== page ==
The best plays to go to in Ireland this week

Ronan Fitzgibbon’s Blackwater Babble and Irene Kelleher’s Gone Full Havisham

Blackwater Babble

Blackwater Babble

 

Blackwater Babble
On Tour: Everyman Theatre, January 20-23; Ballyduff Upper, Waterford, January 24th; The Schoolyard Theatre, Charleville, January 25th; The Civic Theatre, Tallaght, January 28-30; The Watergate, Kilkenny, January 31th; Garter Lane Theatre, February 1st

Ronan Fitzgibbon’s Blackwater Babble is built from the bones of a ballad. Its unnamed hero has marked his life out in singsongs, sailing up and down the Blackwater River, hoping to find the formula for storytelling through song. Fitzgibbon sets the play in a boat, but the pub is the real site of action. Indeed, when the play premiered as part of Cork’s Midsummer Festival in 2018, it was performed in Callanan’s Bar in Cork city centre. Now it has been reshaped for a national theatrical tour, but the pub is still at the heart of the play. It is the space where Fitzgibbon’s Everyman finds and exercises his inspiration.

The play is essentially a dialogue between an older and a younger man; the same man playing different versions of the self. The young hero (John McCarthy) is so consumed by song that he cannot stand back to experience life; the older man (Gary Murphy) is so consumed by regret for all that he missed that he cannot enjoy his last days. Together, they plunge deep into the particular cadences of regret, memory, masculinity and purpose in the vanishing world of the Irish pub and its singsong sessions.

Gone Full Havisham
On Tour: Bewley’s Cafe Theatre, Until February 1st; Hawk’s Well Theatre, Sligo, February 13th; Garter Lane, Waterford February 14th; Garage Theatre Monaghan, February 21st

What would Charles Dickens have made of the modern world? This is not quite the question that Irene Kelleher asks in Gone Full Havisham, but in her Dickens-inspired solo performance piece, she uses the Victorian writer’s most memorable heroine, Miss Havisham, as an ironic hashtag that spotlights the way in which mental illness is played out and often celebrated in the social-media saturated world. She paints a portrait of the jilted bride that Dickens would never recognise but which nonetheless resonates with authentic spirit.

Emily Halloran is our contemporary Havisham. Having been dumped at the altar five months ago, she has locked herself in her bridal suite, performing her misery for millions of followers, who get to decide just how functional she will be. Director Regina Crowley collaborates with sound and video designer Cormac O’Connor to give the performance an edgy installation feel, which Kelleher’s visceral performance enhances. Suitors will certainly think twice about abandoning their fiances after witnessing this madness.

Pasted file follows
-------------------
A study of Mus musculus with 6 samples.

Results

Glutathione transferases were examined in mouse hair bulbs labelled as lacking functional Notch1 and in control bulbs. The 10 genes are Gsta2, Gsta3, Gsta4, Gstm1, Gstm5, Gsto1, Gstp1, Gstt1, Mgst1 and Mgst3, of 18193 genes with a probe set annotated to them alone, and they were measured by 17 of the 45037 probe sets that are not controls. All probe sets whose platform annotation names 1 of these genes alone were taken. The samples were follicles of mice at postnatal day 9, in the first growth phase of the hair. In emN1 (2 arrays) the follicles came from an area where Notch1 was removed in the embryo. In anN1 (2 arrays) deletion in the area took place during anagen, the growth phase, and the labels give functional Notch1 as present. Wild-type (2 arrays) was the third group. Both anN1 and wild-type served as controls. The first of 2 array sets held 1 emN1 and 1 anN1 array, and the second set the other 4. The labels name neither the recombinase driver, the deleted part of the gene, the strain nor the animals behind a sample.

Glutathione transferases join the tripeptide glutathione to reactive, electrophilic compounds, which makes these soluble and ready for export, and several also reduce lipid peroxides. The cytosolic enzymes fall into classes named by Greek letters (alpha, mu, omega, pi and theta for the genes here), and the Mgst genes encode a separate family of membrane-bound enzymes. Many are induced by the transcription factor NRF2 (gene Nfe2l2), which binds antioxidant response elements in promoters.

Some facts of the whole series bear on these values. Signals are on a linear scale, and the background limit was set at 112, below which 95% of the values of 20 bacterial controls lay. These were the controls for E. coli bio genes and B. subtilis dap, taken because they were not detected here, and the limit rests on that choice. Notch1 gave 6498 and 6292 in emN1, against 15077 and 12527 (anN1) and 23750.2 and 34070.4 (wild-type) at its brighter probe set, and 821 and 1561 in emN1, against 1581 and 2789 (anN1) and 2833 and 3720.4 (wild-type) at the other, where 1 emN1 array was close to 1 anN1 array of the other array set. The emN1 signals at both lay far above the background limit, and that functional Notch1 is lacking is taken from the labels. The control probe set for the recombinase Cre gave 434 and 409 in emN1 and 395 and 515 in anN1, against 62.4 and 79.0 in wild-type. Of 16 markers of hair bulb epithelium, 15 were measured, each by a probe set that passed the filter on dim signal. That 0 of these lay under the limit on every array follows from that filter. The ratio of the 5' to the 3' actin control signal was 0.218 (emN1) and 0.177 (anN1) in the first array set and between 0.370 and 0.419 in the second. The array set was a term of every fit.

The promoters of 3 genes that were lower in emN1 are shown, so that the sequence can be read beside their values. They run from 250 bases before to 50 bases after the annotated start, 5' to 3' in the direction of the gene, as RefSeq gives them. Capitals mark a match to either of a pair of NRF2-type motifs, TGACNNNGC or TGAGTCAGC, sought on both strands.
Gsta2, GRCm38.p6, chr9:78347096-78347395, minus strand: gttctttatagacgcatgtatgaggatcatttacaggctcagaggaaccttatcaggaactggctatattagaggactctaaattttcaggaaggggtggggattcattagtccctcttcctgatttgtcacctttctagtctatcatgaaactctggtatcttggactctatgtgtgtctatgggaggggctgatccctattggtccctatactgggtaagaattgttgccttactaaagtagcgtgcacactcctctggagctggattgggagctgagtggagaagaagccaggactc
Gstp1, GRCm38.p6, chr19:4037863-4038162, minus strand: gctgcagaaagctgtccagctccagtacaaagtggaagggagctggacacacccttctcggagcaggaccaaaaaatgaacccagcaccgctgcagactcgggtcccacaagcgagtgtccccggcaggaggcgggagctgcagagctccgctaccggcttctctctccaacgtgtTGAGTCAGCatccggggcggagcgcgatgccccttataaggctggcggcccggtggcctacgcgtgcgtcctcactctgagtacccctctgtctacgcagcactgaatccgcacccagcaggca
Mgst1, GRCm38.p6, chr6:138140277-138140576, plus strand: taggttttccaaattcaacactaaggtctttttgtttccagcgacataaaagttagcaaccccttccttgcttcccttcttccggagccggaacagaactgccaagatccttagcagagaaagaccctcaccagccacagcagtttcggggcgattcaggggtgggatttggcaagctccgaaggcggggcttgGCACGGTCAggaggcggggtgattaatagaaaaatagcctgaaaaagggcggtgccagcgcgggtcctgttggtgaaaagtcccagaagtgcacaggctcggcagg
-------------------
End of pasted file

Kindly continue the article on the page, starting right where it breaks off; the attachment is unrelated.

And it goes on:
The Irish Times Logo
Commenting on The Irish Times has changed. To comment you must now be an Irish Times subscriber.
SUBSCRIBE
GO BACK
Error Image
The account details entered are not currently associated with an Irish Times subscription. Please subscribe to sign in to comment.
Comment Sign In

Forgot password?
The Irish Times Logo
Thank you
You should receive instructions for resetting your password. When you have reset your password, you can Sign In.
The Irish Times Logo
Please choose a screen name. This name will appear beside any comments you post. Your screen name should follow the standards set out in our community standards.
Screen Name Selection

Hello

Please choose a screen name. This name will appear beside any comments you post. Your screen name should follow the standards set out in our community standards.

The Irish Times Logo
Commenting on The Irish Times has changed. To comment you must now be an Irish Times subscriber.
SUBSCRIBE
Forgot Password
Please enter your email address so we can send you a link to reset your password.

Sign In

Your Comments
We reserve the right to remove any content at any time from this Community, including without limitation if it violates the Community Standards. We ask that you report content that you in good faith believe violates the above rules by clicking the Flag link next to the offending comment or by filling out this form. New comments are only accepted for 3 days from the date of publication.